The head of a top American aviation group on Thursday called the European Union's controversial Emissions Trading Scheme "wrong-headed" and "do-gooderism."
Marion C. Blakey, president and CEO of Aerospace Industries Association, said the rule, which charges airlines for the emissions created by their aircraft on flights to and from the continent, is little more than a way for cash-strapped European governments to raise money.
"We, as it will not surprise you, feel like this is a very wrong-headed scheme that does not make sense," Ms. Blakey told The Washington Times in an exclusive interview with editors and reporters.
"It's flawed at its heart," she added. "The money does not go back into environmental programs. It goes back into the general treasury. So this is a revenue raiser. Let's call it what it is. It's a tax, because they need the money. Cloaked in do-gooderism."
Air-industry advocates contend the fee, put into place earlier this year, is unfair because airlines are being charged for emissions created during an entire flight. A flight from San Francisco to London, for example, is charged for more emissions over American airspace than European airspace.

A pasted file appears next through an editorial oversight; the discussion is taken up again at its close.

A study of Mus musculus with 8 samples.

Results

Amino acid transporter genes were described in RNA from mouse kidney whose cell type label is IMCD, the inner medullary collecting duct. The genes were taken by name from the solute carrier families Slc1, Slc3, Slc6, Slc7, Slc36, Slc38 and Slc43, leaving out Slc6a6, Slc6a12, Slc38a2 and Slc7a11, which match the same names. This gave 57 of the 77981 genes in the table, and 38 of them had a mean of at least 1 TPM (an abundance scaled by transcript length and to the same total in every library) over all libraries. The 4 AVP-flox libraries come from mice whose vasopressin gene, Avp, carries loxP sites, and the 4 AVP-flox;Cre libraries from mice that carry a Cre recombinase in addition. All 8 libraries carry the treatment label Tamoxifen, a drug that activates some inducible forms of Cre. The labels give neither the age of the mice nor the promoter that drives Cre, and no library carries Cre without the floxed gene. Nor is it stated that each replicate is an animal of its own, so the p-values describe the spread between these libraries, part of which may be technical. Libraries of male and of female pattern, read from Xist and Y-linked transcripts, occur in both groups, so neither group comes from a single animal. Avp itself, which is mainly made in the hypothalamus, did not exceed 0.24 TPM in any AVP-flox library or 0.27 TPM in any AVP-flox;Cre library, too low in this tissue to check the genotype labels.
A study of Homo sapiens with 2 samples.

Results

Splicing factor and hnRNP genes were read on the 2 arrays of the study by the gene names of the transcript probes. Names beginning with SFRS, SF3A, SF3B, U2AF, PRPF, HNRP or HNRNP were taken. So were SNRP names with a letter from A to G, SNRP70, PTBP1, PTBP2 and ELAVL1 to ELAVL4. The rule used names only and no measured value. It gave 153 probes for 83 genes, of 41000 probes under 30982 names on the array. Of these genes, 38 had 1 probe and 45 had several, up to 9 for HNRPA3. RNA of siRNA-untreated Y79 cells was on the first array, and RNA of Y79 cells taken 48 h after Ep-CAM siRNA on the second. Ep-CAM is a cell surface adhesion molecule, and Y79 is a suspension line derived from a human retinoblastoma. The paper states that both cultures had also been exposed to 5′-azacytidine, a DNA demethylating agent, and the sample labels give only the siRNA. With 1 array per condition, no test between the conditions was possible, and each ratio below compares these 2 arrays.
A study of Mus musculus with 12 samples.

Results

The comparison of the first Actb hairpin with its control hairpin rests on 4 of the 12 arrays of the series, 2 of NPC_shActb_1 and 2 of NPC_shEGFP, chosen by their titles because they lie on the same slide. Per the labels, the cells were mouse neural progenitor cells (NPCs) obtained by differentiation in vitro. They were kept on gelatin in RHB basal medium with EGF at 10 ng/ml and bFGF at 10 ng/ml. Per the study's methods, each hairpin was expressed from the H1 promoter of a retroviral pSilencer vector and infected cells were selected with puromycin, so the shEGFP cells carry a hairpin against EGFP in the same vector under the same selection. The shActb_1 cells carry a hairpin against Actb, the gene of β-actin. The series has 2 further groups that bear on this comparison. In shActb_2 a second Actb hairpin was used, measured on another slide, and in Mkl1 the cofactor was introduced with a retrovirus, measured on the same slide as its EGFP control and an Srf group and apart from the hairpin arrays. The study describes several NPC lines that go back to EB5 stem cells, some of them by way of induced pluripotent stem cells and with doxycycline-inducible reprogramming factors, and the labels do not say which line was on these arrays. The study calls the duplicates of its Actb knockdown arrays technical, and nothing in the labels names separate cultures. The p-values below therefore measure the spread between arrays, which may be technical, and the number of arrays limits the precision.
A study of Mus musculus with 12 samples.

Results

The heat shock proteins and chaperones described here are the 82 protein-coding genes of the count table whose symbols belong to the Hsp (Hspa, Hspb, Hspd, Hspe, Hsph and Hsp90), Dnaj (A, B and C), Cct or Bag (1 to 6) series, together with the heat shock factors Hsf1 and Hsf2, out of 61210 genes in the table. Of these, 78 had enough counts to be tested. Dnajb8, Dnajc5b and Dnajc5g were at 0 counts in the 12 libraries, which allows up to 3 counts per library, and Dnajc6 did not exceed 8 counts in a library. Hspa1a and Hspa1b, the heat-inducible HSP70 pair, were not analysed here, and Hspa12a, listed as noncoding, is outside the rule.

Ms. Blakey said the industry is developing tools that would more accurately measure emissions.
"As an industry, we are on the verge of having a metric that measures CO2 from an aircraft," she said. "Because if you can measure it exactly, you can then begin to talk about a standard, and then you can talk about what standards engines and aircrafts should have."
Europe, though, seems unwilling to adjust its formula for the emissions fees, which will come due early next year.
That could change. Ms. Blakey said she has had several meetings to discuss this issue in Europe, and the leaders might be willing to turn the decision over to the United Nations, which could take more time to study the proposed fees.
Ms. Blakey mentioned that time is all the industry is asking for. In fact, it had already announced plans to significantly cut airline emissions by 2020, when the EU introduced its fees.
"We're very much stepping up," she said. "It's not as though we do not see the environmental impact of aviation as being something that we have an obligation to address. We do."
© Copyright 2014 The Washington Times, LLC. Click here for reprint permission.
About the Author
Tim Devaney is a national reporter who covers business and international trade for The Washington Times. Previously, he worked for the Detroit News, Grand Rapids Press, Portland Press Herald and Bangor Daily News. Tim can be reached at email@example.com.